NICE was established in an attempt to end the so-called postcode lottery of healthcare in England and Wales, where availability of treatments depended on the NHS Health Authority area in which the patient happened to live.

It was set up as the National Institute for Clinical Excellence in 1999. In 2013 NICE was renamed the National Institute for Health and Care Excellence reflecting its new additional responsibilities for social care, it is classified as an executive non-departmental public body (NDPB).Dr Oliver blog - stethoscope

NICE publishes guidelines in four areas:

  • the use of health technologies (such as the use of new and existing medicines, treatments, and procedures)
  • clinical practice (guidance on the appropriate treatment and care of people with specific diseases and conditions)
  • guidance for public sector workers on health promotion and ill-health avoidance
  • guidance for social care services and users.

These appraisals are based primarily on evidence-based evaluations of efficacy, safety, and cost-effectiveness in various circumstances.

Since January 2005, the NHS in England and Wales has been legally obliged to provide funding for medicines and treatments recommended by NICE's technology appraisal board.

The process aims to be fully independent of government and lobbying power, basing decisions fully on clinical and cost-effectiveness.

NICE carries out assessments of the most appropriate treatment regimes for different diseases. This must take into account both desired medical outcomes (i.e., the best possible result for the patient) and also economic arguments regarding differing treatments.

NICE guidance supports the use of quality adjusted life years (QALY) as the primary outcome for quantifying the cost effectiveness. One QALY equates to one year in perfect health.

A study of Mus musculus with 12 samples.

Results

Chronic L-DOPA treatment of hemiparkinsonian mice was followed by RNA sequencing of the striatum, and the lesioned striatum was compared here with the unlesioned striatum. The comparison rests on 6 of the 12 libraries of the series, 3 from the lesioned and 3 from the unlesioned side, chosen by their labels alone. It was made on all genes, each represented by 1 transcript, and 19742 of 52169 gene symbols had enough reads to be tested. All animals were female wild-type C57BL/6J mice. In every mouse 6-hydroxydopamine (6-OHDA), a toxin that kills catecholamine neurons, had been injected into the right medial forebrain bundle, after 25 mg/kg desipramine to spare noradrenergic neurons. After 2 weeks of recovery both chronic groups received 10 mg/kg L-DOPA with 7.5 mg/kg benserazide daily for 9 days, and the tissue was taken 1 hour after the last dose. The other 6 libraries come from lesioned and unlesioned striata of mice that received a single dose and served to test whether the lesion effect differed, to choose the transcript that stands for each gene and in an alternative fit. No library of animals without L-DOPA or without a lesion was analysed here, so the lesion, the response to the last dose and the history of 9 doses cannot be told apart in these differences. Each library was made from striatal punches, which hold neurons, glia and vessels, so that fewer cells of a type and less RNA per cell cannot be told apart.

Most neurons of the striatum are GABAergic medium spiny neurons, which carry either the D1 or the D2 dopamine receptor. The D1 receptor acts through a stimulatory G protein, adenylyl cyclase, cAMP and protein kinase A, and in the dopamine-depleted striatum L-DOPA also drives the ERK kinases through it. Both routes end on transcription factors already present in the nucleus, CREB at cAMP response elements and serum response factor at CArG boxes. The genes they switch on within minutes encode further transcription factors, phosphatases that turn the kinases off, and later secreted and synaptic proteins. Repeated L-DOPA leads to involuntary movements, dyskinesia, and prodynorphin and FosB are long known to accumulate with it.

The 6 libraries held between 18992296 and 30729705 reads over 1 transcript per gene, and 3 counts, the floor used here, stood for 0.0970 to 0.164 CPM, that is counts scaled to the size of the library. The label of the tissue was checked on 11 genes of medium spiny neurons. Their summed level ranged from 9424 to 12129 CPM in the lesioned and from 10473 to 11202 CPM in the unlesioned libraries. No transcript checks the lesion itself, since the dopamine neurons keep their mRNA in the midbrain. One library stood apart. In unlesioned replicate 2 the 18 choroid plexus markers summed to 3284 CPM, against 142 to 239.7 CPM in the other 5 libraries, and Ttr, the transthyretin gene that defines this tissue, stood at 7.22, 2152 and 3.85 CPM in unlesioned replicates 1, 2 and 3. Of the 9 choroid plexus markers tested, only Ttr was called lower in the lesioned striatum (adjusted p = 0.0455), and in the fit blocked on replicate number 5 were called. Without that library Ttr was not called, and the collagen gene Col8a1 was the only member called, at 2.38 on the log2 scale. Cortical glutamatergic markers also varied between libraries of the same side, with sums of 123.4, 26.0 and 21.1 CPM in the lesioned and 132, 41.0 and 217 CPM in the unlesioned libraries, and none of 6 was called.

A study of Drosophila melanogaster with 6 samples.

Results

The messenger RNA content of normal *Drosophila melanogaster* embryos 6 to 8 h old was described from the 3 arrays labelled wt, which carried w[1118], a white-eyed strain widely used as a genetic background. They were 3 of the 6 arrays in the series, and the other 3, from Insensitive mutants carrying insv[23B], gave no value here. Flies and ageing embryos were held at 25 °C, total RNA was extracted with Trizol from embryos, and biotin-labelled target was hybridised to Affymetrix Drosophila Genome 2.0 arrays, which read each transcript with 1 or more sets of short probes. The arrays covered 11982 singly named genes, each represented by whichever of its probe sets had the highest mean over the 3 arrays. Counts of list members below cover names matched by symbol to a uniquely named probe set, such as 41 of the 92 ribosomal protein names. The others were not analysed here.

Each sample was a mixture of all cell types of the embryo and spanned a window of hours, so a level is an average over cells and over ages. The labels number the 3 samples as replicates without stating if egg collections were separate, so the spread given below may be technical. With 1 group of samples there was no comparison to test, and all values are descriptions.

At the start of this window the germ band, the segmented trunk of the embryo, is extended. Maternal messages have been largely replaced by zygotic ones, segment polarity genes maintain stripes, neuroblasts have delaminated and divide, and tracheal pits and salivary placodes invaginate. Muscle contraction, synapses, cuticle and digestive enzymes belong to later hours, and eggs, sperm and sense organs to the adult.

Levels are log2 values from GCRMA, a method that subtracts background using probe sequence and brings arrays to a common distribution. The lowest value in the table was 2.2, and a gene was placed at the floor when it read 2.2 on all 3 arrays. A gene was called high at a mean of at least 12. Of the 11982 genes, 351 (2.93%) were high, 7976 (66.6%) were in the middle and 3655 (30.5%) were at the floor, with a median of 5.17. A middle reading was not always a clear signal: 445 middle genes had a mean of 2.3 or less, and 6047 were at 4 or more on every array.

Currently one can roughly presume that following an appraisal if the cost of a QALY  is <£20,000 it will be approved. If over £30,000 it will be unlikely to be approved though this is not set in stone.

NICE has a service called Clinical Knowledge Summaries (CKS) which provides primary care practitioners with a readily accessible summary of the current evidence base and practical guidance.

Criticism of NICE and the whole process:

  • Lots of areas not assessed.
  • Too slow (New Cystic Fibrosis drug, injections for macular degeneration a major cause of blindness).
  • Dispute over accuracy. (The publication of the nice guidelines for ME/CFS 2021 has caused controversy for content which is at odds with research evidence and the incorporation of wrong information)

In 2022 a study by Price Waterhouse Coopers (funded by the pharmaceutical industry) of 13 medicines recommended for asthma, kidney disease, stroke prevention and type 2 diabetes. They found that 1.2 million patients had not received the drugs which could have given them the equivalent of 429,000 extra years in “complete good health”

The new NICE guidance on Barrett’s oesophagus and stage 1 oesophageal adenocarcinoma: monitoring and management, is due to be published in February 2023. The consultation period ended on 5th October 2022. I sent comments along with Professor Fitzgerald and Heartburn Cancer UK.

Speaking purely for myself my comments related to a missed opportunity to discuss how we could diagnose more people with Barrett’s. At the moment only about 20% of people are diagnosed. GP guidance for dealing with heartburn is slightly vague, in my experience when working and trying to influence GP referrals they respond well to specific guidelines to follow and not to vague ones. I had hoped they would be more positive about Cytosponge’s role in case finding. They did acknowledge the current evidence was encouraging but really left it that more was needed.

BEST4 is a large study which should start in 2023 and I hope this will provide the cost-effective data that they need.

I hope the work part funded by HCUK with the mobile unit and piloting the use of Cytosponge in general practice will also continue and add to our knowledge of how to attract the right people to be screened in the real world and different sorts of practices.

NICE started looking at Barrett’s in Nov 2020, so you can see it is not fast. When it is published, they usually have a planned review date. I am hopeful at that time we will have the evidence they need.